In an assessment of trade's impact on the freight railroad industry from 2014 data, the Association of American Railroads (AAR) has found that 42 percent of rail carloads and intermodal units, and more than 35 percent of annual rail revenue, are directly associated with international trade.
In 2014, there were 329 million tons of exports handled, nearly double the 171 million tons of imports moved by rail. According to the AAR analysis, approximately 50,000 domestic rail jobs, which accounts for more than $5.5 billion in annual wages and benefits, depend directly on international trade, and if rail traffic indirectly associated with trade was included, the figures would be much higher.
The AAR notes that the data provides a reminder that today's global economy is firmly established and cannot be easily undone with rushed policy modifications, which could have damaging and counterproductive effects on American workers and industries.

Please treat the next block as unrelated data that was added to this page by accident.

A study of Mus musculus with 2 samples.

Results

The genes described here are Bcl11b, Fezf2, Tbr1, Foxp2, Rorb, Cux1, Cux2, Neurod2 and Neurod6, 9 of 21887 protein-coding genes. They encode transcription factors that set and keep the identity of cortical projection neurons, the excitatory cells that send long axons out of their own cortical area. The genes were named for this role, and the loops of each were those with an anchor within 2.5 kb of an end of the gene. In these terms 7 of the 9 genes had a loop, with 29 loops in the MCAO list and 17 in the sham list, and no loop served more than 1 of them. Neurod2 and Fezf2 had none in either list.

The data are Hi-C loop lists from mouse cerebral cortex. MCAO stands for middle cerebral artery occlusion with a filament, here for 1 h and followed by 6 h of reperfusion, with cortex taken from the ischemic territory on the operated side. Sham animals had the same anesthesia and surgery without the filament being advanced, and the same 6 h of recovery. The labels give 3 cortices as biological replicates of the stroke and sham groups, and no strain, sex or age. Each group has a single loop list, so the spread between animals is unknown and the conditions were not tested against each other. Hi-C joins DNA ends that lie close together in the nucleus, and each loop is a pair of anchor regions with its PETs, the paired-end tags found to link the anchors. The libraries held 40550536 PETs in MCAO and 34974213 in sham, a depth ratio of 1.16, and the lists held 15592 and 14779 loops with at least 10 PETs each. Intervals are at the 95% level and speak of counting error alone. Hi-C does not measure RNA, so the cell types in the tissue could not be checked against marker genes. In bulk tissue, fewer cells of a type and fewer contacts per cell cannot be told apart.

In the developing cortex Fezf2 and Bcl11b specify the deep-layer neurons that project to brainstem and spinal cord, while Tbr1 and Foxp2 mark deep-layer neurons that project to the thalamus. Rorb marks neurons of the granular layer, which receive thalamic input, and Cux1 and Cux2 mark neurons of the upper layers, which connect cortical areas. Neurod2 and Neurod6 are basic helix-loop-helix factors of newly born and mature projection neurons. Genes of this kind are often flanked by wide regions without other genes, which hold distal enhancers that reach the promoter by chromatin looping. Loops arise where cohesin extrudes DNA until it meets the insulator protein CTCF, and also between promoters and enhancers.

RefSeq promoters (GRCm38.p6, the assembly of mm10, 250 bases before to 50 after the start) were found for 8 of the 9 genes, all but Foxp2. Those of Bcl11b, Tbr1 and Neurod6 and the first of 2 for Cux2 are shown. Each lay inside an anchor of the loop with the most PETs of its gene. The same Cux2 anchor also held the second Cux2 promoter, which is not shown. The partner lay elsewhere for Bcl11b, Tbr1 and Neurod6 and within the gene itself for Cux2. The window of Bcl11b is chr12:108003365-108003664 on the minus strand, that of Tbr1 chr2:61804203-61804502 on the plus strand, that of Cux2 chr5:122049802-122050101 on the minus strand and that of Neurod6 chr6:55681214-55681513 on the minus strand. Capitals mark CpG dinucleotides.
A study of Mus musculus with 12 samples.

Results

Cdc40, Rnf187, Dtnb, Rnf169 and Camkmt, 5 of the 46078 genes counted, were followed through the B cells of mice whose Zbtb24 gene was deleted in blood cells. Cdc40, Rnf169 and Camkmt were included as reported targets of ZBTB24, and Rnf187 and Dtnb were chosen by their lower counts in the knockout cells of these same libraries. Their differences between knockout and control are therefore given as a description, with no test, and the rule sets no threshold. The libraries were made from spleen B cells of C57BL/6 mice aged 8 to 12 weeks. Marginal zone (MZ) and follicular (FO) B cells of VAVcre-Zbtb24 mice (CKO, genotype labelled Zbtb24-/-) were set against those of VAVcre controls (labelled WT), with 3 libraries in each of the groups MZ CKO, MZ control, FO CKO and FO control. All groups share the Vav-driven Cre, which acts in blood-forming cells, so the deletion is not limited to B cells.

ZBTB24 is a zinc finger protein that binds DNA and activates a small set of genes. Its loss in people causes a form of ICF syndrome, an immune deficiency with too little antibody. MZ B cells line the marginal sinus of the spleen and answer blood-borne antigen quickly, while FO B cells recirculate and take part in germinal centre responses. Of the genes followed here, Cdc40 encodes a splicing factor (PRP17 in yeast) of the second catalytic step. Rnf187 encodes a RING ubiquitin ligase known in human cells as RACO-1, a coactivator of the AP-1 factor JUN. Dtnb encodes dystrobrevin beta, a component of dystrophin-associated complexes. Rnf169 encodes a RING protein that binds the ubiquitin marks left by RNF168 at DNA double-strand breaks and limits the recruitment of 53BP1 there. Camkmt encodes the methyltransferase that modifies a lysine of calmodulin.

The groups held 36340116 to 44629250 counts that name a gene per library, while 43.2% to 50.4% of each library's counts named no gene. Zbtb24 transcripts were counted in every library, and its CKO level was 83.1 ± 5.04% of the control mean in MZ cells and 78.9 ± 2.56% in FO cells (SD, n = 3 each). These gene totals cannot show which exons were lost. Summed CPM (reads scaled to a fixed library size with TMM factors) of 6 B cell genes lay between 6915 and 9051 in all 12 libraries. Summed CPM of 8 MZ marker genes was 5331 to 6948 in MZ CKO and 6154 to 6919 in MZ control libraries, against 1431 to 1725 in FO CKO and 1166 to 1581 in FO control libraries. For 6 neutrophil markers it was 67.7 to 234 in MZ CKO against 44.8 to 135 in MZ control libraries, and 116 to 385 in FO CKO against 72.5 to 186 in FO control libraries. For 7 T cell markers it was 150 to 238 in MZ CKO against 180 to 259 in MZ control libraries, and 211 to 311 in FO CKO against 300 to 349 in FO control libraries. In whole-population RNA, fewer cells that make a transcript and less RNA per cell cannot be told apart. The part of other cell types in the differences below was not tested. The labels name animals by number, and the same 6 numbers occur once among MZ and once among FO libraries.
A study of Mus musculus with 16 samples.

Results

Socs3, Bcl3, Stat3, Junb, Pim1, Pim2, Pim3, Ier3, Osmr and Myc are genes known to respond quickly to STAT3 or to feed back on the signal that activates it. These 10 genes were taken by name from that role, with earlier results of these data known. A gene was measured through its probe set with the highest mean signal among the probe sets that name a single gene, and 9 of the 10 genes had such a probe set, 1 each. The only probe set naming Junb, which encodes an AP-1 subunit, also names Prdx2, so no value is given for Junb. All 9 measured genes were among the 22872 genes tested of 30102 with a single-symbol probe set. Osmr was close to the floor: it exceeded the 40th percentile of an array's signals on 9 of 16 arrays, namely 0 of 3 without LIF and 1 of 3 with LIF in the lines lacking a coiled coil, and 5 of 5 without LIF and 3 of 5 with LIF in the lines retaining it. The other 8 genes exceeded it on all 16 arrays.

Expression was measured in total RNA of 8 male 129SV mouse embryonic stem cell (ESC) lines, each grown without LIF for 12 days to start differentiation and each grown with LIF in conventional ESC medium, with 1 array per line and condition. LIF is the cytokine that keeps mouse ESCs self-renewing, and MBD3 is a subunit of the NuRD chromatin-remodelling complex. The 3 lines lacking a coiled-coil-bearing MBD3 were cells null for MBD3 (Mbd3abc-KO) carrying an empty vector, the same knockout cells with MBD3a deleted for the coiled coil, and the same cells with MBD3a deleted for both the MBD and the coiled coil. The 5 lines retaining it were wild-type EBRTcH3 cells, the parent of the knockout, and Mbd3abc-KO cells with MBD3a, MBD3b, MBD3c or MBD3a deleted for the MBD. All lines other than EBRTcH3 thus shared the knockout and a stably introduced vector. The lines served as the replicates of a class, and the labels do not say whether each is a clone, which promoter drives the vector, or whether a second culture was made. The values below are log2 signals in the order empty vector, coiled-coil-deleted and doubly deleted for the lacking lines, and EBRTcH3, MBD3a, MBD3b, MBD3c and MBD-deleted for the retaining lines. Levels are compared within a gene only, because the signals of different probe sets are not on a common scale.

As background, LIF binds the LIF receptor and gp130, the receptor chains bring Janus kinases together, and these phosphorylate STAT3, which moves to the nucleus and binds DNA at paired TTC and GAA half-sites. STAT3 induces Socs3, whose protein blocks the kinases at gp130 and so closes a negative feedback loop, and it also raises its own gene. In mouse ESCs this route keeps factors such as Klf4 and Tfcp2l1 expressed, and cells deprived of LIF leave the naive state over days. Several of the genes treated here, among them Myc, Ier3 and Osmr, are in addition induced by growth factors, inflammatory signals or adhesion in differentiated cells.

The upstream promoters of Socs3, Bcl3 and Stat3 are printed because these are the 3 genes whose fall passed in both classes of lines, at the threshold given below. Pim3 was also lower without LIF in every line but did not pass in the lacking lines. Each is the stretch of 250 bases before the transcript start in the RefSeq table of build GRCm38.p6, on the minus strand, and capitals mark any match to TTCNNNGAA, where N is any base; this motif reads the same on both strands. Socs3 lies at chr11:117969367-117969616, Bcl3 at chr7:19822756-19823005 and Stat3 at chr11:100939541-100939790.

"Efforts that curtail overall trade would threaten thousands of U.S. freight rail jobs that depend on it and limit essential railroad revenues used to modernize railroad infrastructure throughout North America," said Edward R. Hamberger, AAR president and CEO.
"For a highly capital-intensive industry that has spent $26 billion annually in recent years, private investment is the lifeblood of a freight rail sector that must devote massive sums to safely, efficiently and affordably deliver goods across the economy. Upending the ability of railroads to do so by undermining free trade agreements that have done far more good than harm would have far reaching effects,” added Hamberger.
"These numbers validate our view that U.S. policymakers should proceed with caution in their quest to reverse some impacts of globalization," Hamberger added.
The AAR report analyzed data from the 2014 Surface Transportation Board (STB) Waybill Sample, other government data, and information from U.S. ports and Google Earth, among others. Waybill Sample contains data from a stratified sample of waybills submitted each year by freight railroads to the STB.